Google to pay $700mn in antitrust settlement over Android app store


The announcement of the terms of the settlement, which was reached in September, comes after Epic Games, the maker of popular online game Fortnite, won a related case against the tech company last week.

Google agreed to pay $630mn into a settlement fund for consumers, with another $70mn going to a fund for the states, the court document showed. Under the settlement, Google also agreed to make changes to the way the Android system works in the US, such as allowing developers to implement an alternative billing method for in-app purchases.

At issue in the case were Google’s contracts with smartphone makers, network operators and game developers, which the US states alleged shut down competitors to the Play Store.

Google collected excessive fees on digital purchases on its Play Store by preventing alternative payment methods that could offer lower fees, the states argued.

Google began a pilot programme in November last year called user choice billing in partnership with Spotify, which gave users the choice between using Google Play’s billing system or paying Spotify directly to purchase items or subscriptions. Google said the pilot programme would test options for alternative payment methods and gather insights from developers on how it might evolve.

The company has now committed to rolling that option out across the Play store. Google will also allow developers to steer consumers outside its store to other payment methods.

“The Settlement requires Google to give all developers, including game developers, the option to add alternative in-app billing systems for at least five years,” the filings said.

All 50 US states, plus the District of Columbia, Puerto Rico and the US Virgin Islands, signed on to the agreement with Google.

The states said Google’s acquiescence was “unprecedented” in antitrust regulation of Big Tech companies in the US.

“The negotiated terms will offer significant, meaningful, long-lasting relief for consumers throughout the country,” they said in the filings. “No other US antitrust enforcer has yet been able to secure remedies of this magnitude from Google, or, for that matter, from any of the other major digital platforms.”

The settlement requires approval from the California federal judge overseeing the states’ lawsuit, which was filed in 2021.

The same judge, James Donato, is also tasked with deciding what penalties Google should face after a jury found it guilty of breaking antitrust law in the Epic Games trial.

The terms of the settlement with the US states were kept under wraps while the weeks-long trial was under way. Match Group, the owner of dating app Tinder, also settled with Google ahead of trial.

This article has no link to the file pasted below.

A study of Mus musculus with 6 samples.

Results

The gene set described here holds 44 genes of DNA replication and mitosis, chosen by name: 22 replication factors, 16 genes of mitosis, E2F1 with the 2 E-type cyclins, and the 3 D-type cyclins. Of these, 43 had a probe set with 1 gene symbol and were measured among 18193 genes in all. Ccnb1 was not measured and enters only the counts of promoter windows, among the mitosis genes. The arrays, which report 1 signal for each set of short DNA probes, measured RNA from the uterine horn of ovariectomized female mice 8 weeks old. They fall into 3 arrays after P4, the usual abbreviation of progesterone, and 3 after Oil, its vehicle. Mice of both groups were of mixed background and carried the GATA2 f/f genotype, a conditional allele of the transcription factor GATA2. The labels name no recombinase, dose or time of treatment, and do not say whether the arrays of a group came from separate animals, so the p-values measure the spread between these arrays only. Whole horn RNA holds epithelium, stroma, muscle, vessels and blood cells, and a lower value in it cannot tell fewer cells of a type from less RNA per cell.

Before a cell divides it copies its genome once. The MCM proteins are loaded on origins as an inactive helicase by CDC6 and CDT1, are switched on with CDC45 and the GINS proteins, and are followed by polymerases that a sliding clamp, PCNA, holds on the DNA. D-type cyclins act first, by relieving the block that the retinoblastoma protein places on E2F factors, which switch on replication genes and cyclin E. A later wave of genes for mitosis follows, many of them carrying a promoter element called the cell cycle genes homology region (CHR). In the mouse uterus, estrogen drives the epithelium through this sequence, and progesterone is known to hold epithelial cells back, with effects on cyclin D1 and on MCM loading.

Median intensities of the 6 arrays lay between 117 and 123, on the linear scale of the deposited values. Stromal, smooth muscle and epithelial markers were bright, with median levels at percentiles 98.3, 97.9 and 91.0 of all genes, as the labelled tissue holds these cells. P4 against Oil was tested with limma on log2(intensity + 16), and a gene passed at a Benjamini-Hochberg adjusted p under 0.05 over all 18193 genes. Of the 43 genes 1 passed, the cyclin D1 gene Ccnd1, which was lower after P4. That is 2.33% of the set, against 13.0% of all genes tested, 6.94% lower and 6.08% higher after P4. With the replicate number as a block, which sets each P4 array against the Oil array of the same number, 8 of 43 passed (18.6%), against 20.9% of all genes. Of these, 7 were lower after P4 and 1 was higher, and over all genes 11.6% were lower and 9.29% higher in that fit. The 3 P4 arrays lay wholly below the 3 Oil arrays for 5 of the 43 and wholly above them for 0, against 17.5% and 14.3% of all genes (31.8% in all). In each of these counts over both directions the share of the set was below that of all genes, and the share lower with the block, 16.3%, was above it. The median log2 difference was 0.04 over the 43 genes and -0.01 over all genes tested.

In addition to the $700mn payment and the commitment to allow alternative billing options, Google said it would make it easier to download apps on Android devices from sources other than its Play Store, a practice known as “sideloading.”

This will include “updating the language that informs users about these potential risks of downloading apps directly from the web for the first time”, the company’s vice-president for government affairs and public policy, Wilson White, said in a blog post.

Critics say such warnings deter consumers from going elsewhere.

White said Google was pleased with the resolution of the case.

“This settlement builds on Android’s choice and flexibility, maintains strong security protections, and retains Google’s ability to compete” with other operating systems, as well as invest in the Android ecosystem, he said.

Epic Games criticised the settlement on Monday, saying that consumers would continue to overpay for digital goods under the terms.

“The States’ settlement does not address the core of Google’s unlawful and anti-competitive behaviour,” Corie Wright, Epic’s vice-president of public policy, said in a statement.

Google, Wright added, would impose “junk fees” on developers who opt for alternative billing methods to avoid Google’s automatic fee on digital payments.

“In the next phase of the case, Epic will seek meaningful remedies to truly open up the Android ecosystem so consumers and developers will genuinely benefit from the competition that US antitrust laws were designed to promote.”

Epic also took Apple to court over its App Store in 2020, in a case it is now seeking to appeal to the US Supreme Court.